Open Access News

News from the open access movement

Sunday, July 08, 2007

US National Archivist promises access improvements

Allen Weinstein, Progress toward a Goal of Greater Access, Prologue, Summer 2007.  Weinstein is the US National Archivist.  (Thanks to ResourceShelf.)  Excerpt:

...With [public] records, Americans hold their government officials accountable, guarantee individual rights and entitlements, and preserve the nation's history for future generations. But these documents are of little use or benefit to citizens unless they have access to them.

Those concerned with maximizing timely access to public records government-wide, as we are at the National Archives and Records Administration (NARA), received encouragement this year as a result of some developments in policy and change of mood in Washington....

In the past year or two, a wide variety of records have been opened, both in response to FOIA and as a result of systematic reviews. They include the files of then-Supreme Court nominees John Roberts and Samuel Alito, the post-presidential papers of Dwight Eisenhower, the personal papers of Rose Kennedy, 60 additional hours of Lyndon Johnson's phone conversations, National Security Council files from the Ford administration, domestic policy papers from the Clinton White House, portions of files from independent counsels from the Iran/Contra and Whitewater investigations, and the official and confidential files of J. Edgar Hoover....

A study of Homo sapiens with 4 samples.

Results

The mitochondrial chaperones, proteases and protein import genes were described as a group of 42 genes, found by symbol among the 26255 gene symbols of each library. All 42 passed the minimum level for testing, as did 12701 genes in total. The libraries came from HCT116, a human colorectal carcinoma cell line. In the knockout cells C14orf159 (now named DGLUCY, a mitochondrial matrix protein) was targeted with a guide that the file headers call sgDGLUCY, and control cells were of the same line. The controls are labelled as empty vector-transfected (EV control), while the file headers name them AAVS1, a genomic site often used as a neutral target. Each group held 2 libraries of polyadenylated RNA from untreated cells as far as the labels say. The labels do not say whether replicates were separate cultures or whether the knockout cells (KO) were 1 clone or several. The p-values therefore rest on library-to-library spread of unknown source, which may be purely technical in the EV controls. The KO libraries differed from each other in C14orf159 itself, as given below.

NARA has made visible progress on a number of its strategic goals in the past two years—goals of greater access to our holdings:

  • We are moving steadily toward an Electronic Records Archives that will ensure preservation of, and access to, today's electronic records far into the future. ERA's first increment is scheduled to begin in late 2007 or early 2008.
  • We are working closely with the intelligence community and other key agencies to ensure that we can develop a National Declassification Initiative to transform the way documents are reviewed and released.
  • We are working with the private sector to digitize key collections and to enable Internet search engines wider and deeper access to our vast databases....

PS:  For more on the third bullet point, see my blog post from January 19, 2007.  The US National Archives made a non-exclusive deal with Footnote, Inc., allowing Footnote to digitize some of the archive's public-domain documents and sell them online.  Footnote will charge $100/year or $1.99/page for access to these public documents until 2012, when access will be free.